In 1992, newly elected AAAS Fellow Dr. Mae Jemison was doing an experiment where she injected several female African clawed frogs with a hormone to induce ovulation. After harvesting and carefully analyzing batches of eggs under a microscope and fertilizing the healthiest looking ones, she would periodically re-assess the embryos and take microscopic images to document their development. This protocol was part of standard experiments to study reproduction – except that it was happening in space.
Jemison was one of 15 selected from 2,000 applicants to serve in NASA’s astronaut corps and later became the science mission specialist on board the STS-47 Spacelab-J, in partnership with the Japan Space Agency. Over the course of the eight-day space mission, Jemison was tasked with many experiments, including this research project to investigate how frog embryos develop in the ultra-low gravity conditions of space.
“I thought it was one of the coolest experiments ever,” recalls Jemison, noting that the results were counter to what scientists expected. Gravity was thought to be essential for the healthy development of embryos to help with proper cell positioning during key stages of development, but the eggs in this experiment developed normally in a microgravity environment.
Upon returning to Earth and making world history as the first woman of color in space, Jemison went on to have a multifaceted career as an engineer and doctor, using her voice to further advance societal responsibility equity and inclusion in science. Within a year following her space mission, she created The Earth We Share (TEWS) international science camp—part of the , a foundation named after her mother, who was a Chicago public school teacher for over 25 years.
TEWS exposes teenagers to unique experiential learning opportunities that integrate science and technology with hands-on opportunities. Jemison notes that solely practicing methods of learning in the classroom, such as rote memorization and calculations, is a good way to deter kids from science.
“Experiences are how we humans learn best,” she notes.
For these reasons, TEWS emphasizes training teachers in experiential education and having students work in teams with their peers. More than 6,000 youth and 200 teachers from around the world have participated in the program to date.
As a professor of environmental studies at Dartmouth College in the early 2000s, she designed and served as the editor of SEEing the Future a transdisciplinary workshop and white paper seeking the best uses of public funding for basic science research as part of the National Science Foundation’s 50th anniversary.
“I’m not afraid to herd cats – bring people together from different backgrounds and think independently. I have enough optimism with good dose of realism to that we can come to better understanding and answers when we’re not afraid to approach these things,” says Jemison.
Jemison brought her optimism and collaborative approach to AAAS when she joined as a member early in her career, and subsequently served on the AAAS Committee on Science, Engineering and Public Policy. She says it was great to work with an organization that advocates for science and brings people together.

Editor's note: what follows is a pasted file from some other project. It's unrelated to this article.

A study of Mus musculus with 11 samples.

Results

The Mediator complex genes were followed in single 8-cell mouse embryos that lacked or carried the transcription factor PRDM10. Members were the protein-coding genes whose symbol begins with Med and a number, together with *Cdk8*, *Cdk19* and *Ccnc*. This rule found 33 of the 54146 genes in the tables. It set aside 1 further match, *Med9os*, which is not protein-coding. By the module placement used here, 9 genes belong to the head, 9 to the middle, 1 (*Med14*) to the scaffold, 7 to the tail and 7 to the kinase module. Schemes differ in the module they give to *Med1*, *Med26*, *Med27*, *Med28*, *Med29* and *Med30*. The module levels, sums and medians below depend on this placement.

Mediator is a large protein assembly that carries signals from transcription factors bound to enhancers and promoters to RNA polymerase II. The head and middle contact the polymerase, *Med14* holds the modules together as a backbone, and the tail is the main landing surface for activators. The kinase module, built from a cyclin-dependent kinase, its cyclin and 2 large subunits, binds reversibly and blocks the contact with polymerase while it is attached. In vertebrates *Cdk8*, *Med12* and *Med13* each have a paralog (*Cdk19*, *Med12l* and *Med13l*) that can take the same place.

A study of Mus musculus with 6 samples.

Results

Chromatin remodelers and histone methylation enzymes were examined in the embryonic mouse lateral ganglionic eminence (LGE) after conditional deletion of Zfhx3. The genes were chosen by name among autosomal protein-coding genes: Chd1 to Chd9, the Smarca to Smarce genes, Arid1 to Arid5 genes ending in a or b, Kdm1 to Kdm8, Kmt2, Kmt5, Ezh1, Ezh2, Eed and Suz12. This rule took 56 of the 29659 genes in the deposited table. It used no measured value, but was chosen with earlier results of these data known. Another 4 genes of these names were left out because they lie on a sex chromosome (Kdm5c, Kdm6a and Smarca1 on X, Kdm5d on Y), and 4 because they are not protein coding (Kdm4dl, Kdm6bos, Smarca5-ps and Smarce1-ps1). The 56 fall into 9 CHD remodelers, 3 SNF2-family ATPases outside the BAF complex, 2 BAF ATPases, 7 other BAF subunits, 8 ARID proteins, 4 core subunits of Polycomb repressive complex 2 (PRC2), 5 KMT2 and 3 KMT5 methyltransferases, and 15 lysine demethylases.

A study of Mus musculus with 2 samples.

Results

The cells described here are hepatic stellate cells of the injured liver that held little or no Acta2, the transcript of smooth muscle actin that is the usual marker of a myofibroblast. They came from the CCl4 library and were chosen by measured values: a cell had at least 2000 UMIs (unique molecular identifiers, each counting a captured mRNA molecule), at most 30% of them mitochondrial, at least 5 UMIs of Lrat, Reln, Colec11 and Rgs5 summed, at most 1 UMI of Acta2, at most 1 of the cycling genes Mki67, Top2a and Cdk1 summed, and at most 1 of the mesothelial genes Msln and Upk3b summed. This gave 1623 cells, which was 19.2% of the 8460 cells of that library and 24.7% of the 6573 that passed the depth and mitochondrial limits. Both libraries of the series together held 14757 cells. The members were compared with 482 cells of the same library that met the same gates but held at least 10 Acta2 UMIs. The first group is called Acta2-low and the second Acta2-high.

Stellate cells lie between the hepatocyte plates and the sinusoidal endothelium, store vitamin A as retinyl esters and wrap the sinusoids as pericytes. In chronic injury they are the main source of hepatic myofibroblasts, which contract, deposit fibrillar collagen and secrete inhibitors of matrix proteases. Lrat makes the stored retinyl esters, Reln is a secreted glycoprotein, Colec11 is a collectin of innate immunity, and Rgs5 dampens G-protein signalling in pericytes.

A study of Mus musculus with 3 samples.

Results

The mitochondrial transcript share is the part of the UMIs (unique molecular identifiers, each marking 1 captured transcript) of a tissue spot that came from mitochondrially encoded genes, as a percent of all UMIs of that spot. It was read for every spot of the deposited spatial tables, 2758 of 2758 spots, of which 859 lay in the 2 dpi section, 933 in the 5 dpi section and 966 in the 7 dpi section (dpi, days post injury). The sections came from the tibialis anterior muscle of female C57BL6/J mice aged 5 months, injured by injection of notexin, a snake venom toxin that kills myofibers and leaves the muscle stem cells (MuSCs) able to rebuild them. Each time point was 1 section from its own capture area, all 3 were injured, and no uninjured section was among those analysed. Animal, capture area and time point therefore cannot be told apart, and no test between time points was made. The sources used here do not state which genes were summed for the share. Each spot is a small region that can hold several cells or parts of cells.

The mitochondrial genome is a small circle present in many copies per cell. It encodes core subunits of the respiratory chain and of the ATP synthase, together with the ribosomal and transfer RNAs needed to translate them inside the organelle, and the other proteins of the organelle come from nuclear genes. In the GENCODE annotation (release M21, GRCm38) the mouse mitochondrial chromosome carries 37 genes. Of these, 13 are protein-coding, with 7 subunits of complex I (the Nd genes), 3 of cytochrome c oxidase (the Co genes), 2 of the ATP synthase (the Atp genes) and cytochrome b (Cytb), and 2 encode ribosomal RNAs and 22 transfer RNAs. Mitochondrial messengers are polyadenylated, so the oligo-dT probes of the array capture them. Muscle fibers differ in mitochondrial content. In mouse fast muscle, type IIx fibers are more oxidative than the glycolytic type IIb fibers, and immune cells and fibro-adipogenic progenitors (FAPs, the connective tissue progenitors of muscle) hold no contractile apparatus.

“It’s about understanding the universe around us and structuring our knowledge so that it can be applied more readily,” says Jemison. “And the more people we have, the wiser we will be in the application of what we know, and the better we will be able to gain the lessons from our experiences. That’s what I see AAAS as helping us do.”
While keeping busy with her many earthly projects, Jemison still has her eye on outer space. In 2012, she led the team that won the competitive Defense Advanced Research Projects Agency grant to start the 100 Year Starship initiative (100YSS), a bold undertaking to ensure the capabilities for human interstellar travel to another star exists within 100 years.
The 100YSS organization develops and implements programs that further radical leaps to address the technological and systemic hurdles required for interstellar space travel—from propulsion to microbiomes to economics and culture. Jemison notes that a critical part of this project involves science communication. In particular, helping greater society—and the science community—embrace the possibility and benefits of interstellar space travel without scoffing.
“I’d like to think that 100YSS is a part of the reason that ‘interstellar’ isn’t thought as so crazy these days because we worked really hard to change the way people think about it,” explains Jemison. Initial work to purposefully engage marketing experts and create avenues for writers to produce stories helped change the narrative of interstellar space travel from fantasy to attainable reality.
Jemison also notes that there is great value in a project such as 100YSS, whereby actions to “pursue an extraordinary world for tomorrow creates a better world today”. Who is involved is critical for shaping the outcomes and impact of science on society, she says, emphasizing the need to include diverse perspectives across ethnicities, gender, geography, and disciplines.
“Everyone has a right to be involved.”